Chances are when you were a student living on campus, you shared a small apartment or dorm room with one, two, or three other students. College was the time where you had to learn to cook, clean, do laundry, and other household tasks.
There is a new trend on campuses across the US; students and parents are hiring companies to do cleaning, laundry, packing, etc. They are also hiring services that do grocery and food delivery. Instead of staying in campus dorms, or sharing apartments, parents are arranging for private apartments for their sons and daughters.
There is definitely sharp disagreement among parents about this latest trend. We tend to think that students should learn to do many of these tasks, and not rely on others. The alternative opinion is that students are a school to earn a degree, not be distracting with household responsibilities.
What do you think ????
Identity Theft: Prevention Tips for Parents and Students
College students need to understand how to protect themselves from falling victim to identity theft and information fraud.
Many young people have a lax attitude about security. They also tend to be more trusting of others and have a casual attitude about taking precautions. Parents and young people should talk about personal information security. They should also discuss how their individual circumstances might put them at increased risk of being victimized. Although the following tips may seem obvious to experienced adults, many young people don’t follow some of the following:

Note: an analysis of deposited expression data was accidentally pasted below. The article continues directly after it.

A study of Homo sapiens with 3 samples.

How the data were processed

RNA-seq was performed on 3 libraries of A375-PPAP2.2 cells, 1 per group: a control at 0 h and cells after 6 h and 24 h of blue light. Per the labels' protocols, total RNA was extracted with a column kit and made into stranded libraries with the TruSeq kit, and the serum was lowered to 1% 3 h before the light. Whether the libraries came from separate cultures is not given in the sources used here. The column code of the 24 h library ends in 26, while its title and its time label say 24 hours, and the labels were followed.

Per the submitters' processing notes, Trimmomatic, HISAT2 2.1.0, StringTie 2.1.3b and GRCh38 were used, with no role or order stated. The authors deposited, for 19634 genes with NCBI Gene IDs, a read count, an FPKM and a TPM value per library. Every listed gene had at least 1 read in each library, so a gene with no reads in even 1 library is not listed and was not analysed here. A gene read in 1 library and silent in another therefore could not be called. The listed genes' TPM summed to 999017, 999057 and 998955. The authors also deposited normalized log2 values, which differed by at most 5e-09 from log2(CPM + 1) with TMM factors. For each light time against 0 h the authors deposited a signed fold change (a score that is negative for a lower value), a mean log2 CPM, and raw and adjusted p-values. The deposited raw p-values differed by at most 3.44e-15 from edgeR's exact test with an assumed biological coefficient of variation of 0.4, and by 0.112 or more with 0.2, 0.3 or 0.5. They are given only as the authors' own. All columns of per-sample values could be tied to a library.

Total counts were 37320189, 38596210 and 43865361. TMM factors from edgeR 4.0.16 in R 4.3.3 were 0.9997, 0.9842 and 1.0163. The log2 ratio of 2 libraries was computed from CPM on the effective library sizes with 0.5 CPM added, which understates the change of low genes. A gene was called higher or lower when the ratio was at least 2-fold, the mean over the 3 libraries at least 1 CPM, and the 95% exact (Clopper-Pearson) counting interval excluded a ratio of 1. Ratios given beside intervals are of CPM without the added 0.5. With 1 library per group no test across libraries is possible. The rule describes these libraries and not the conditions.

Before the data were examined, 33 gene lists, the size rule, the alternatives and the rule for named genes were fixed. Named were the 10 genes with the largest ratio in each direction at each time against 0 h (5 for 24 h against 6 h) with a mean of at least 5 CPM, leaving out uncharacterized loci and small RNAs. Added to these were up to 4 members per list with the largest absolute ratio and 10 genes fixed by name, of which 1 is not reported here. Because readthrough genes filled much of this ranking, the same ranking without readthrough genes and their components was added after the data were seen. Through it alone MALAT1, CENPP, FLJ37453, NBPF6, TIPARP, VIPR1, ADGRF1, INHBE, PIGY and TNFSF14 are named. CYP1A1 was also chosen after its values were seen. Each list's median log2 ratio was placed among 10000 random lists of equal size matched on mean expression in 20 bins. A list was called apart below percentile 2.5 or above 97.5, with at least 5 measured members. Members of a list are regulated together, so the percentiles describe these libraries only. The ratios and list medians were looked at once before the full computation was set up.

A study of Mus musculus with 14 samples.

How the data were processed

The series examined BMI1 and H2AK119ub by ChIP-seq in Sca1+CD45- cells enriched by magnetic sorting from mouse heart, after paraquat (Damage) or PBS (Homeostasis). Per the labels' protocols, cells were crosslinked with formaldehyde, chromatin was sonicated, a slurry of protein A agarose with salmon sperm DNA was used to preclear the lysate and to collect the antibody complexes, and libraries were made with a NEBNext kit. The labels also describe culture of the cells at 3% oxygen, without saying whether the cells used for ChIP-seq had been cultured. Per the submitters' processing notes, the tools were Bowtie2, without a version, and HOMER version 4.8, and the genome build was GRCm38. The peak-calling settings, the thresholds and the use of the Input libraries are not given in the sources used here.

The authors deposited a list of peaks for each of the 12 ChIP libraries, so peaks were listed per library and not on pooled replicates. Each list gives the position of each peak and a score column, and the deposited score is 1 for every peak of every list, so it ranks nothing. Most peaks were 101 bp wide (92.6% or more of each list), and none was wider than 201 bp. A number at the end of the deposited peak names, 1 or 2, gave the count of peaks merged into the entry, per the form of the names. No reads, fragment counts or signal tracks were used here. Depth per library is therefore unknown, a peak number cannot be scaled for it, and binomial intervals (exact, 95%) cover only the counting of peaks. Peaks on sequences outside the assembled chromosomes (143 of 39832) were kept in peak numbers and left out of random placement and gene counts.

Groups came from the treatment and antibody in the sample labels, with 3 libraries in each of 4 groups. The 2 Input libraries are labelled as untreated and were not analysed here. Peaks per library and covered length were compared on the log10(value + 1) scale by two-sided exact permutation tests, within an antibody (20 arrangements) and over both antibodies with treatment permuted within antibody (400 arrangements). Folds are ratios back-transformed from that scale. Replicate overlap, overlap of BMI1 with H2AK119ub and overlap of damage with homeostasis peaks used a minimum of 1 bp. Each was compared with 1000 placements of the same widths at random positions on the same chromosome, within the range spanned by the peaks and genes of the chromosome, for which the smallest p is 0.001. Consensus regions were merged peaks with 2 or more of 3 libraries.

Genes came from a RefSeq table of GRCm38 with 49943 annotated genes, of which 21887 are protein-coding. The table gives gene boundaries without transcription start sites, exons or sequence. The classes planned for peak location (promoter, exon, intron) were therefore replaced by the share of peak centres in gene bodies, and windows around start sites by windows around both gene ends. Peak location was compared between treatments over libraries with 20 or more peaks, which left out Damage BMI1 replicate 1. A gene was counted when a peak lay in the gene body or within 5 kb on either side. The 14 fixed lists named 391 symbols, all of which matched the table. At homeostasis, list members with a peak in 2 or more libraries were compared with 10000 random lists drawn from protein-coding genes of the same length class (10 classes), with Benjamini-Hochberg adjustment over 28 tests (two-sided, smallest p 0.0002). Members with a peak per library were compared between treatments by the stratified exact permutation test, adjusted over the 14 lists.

-Never lend your credit card or debit card to anyone, and never share your password.
-Do not print your driver’s license number, birth date, or social security number on your checks.
-When you write a check at a store, don’t allow the store to confirm your check by writing in your credit card number.
-Do not put outbound mail in your mailbox for your postal carrier to pickup. Take your mail directly to a US postal mailbox.
-If your credit card or ATM card is lost or stolen, alert your bank/credit card issuer immediately.
-Avoid using passwords or PIN numbers that might be easy for a thief to figure out (i.e. avoid birth dates, common names, etc.)
-Shred any financial documents or anything containing sensitive information before putting them in the trash.
-Always check your credit card statement for charges you did not make.
-Order a copy of your credit report at least once per year. Look out for creditors on your statement that you never applied for.